This is a great time of year. The snow is leaving, the birds are returning, and it is time to start spending time outside. Growing up, my bossy wonderful aunts loved to include us cousins in the spring-cleaning chores. By include us, I mean they would point at something that needed cleaned and then they would go inside and do aunt stuff. If one of my aunts is reading this and getting offended, then I guess the truth hurts a little bit, doesn’t it?

Every year, I see a surge in patients that hurt themselves cleaning up for the warm weather ahead. These injuries can almost always be avoided. Here are a few tips:

  1. WARMUP AND START SLOW. You likely have not been lifting or moving a lot this winter, especially with the gyms and pools being closed for way too long. You know that you can not just start running without getting back in shape, and you hopefully wouldn’t walk into the gym and rack up your max weight and try to lift it. Chores around the house deserve the same reasonable approach. Start with lighter jobs and work your way toward heavier ones.
  2. TAKE SMALL BITES. Make the extra trip instead of trying to carry it all at one time. Take frequent breaks when doing jobs that require you to be bent over, that involve repetitive movements, or that put you in an awkward position. Don’t be a hero, or you’ll find yourself on the couch with an achy back.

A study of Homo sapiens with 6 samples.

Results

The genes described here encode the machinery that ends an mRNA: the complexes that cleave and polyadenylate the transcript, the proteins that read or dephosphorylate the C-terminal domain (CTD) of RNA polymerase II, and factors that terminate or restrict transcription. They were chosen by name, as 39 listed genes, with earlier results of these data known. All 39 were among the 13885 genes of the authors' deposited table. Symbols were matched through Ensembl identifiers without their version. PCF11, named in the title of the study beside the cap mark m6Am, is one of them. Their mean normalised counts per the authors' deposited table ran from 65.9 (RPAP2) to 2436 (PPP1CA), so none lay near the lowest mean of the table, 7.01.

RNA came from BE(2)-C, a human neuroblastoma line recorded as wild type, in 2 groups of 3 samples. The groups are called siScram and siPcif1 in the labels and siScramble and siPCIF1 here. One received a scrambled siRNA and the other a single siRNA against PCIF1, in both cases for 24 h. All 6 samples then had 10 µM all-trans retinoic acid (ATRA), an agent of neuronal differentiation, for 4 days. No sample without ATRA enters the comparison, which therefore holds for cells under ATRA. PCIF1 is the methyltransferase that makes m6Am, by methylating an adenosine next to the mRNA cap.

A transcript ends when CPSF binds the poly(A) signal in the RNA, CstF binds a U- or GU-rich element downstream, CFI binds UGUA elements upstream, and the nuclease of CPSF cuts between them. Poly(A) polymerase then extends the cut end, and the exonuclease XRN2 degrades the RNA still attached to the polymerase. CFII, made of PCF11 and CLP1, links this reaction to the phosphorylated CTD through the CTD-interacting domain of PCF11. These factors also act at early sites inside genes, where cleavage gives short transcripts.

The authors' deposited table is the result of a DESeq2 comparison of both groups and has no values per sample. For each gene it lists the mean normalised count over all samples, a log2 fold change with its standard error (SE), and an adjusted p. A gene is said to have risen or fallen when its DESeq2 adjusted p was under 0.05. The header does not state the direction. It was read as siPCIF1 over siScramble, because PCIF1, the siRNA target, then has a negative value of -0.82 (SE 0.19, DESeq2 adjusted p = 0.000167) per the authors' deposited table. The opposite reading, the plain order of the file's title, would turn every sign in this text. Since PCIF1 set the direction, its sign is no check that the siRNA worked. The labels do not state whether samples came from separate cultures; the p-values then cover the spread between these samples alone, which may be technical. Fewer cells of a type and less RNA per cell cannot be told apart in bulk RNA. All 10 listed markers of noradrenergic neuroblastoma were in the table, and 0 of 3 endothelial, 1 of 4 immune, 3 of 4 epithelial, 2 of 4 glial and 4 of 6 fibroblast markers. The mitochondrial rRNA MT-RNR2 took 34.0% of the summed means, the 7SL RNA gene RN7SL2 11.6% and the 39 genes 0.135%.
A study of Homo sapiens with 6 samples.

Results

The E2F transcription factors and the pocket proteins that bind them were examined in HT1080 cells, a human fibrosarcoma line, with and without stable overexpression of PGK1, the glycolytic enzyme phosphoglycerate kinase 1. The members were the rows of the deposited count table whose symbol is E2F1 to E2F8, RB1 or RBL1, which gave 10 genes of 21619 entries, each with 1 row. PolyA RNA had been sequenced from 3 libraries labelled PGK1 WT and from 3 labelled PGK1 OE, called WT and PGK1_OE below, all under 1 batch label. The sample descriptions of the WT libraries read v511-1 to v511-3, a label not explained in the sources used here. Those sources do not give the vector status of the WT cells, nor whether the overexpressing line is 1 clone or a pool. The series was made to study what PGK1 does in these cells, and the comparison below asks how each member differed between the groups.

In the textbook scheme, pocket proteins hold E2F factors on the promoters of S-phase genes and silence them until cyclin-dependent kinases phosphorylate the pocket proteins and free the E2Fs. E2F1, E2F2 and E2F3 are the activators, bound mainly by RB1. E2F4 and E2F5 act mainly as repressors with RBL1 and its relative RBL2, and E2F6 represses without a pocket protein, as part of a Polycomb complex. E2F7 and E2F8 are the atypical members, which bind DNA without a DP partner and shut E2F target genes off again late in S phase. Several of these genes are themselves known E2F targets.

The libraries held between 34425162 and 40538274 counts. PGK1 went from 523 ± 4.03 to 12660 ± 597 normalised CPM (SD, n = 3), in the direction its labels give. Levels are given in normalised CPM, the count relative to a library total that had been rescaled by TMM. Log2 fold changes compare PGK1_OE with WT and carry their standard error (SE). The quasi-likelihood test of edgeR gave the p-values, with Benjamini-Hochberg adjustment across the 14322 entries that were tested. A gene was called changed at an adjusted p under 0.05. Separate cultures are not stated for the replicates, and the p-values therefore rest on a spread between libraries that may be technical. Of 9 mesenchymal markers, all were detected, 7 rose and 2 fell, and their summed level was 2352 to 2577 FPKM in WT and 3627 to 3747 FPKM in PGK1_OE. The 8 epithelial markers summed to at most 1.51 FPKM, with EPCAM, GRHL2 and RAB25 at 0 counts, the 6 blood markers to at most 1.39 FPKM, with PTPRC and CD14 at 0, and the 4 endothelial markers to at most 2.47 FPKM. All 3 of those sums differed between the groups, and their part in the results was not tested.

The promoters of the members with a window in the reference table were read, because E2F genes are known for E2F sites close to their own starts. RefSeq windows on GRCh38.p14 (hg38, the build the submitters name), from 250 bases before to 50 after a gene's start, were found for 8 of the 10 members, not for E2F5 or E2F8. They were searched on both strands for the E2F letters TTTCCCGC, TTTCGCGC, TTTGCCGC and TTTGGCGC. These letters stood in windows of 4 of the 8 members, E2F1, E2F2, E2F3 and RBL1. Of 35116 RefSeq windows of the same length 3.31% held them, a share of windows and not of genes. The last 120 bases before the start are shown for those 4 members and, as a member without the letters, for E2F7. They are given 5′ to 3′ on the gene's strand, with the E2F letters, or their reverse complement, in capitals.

3. MAINTAIN GOOD POSTURE. So many chores inside and outside of the house can put you in a position that hard on your back, neck, knees or shoulders. As I mentioned above, being bent over, or doing repetitive back movements can cause injury. Your back is the only one you have, and those weeds will still be there after your break.
  4. TAKE BREAKS! Breaks will help you break up (ha! Get it?) your movements and will give your body a chance to recover. You can do other less physically demanding chores during the breaks to stay on schedule, and that would help keep you from cooling down and getting stiff.

As always, getting adjusted will help your body move better before you do physical work and will help prevent injuries. Getting adjusted after will help you recover and alleviate any aches or pains that you might have acquired from your hard work.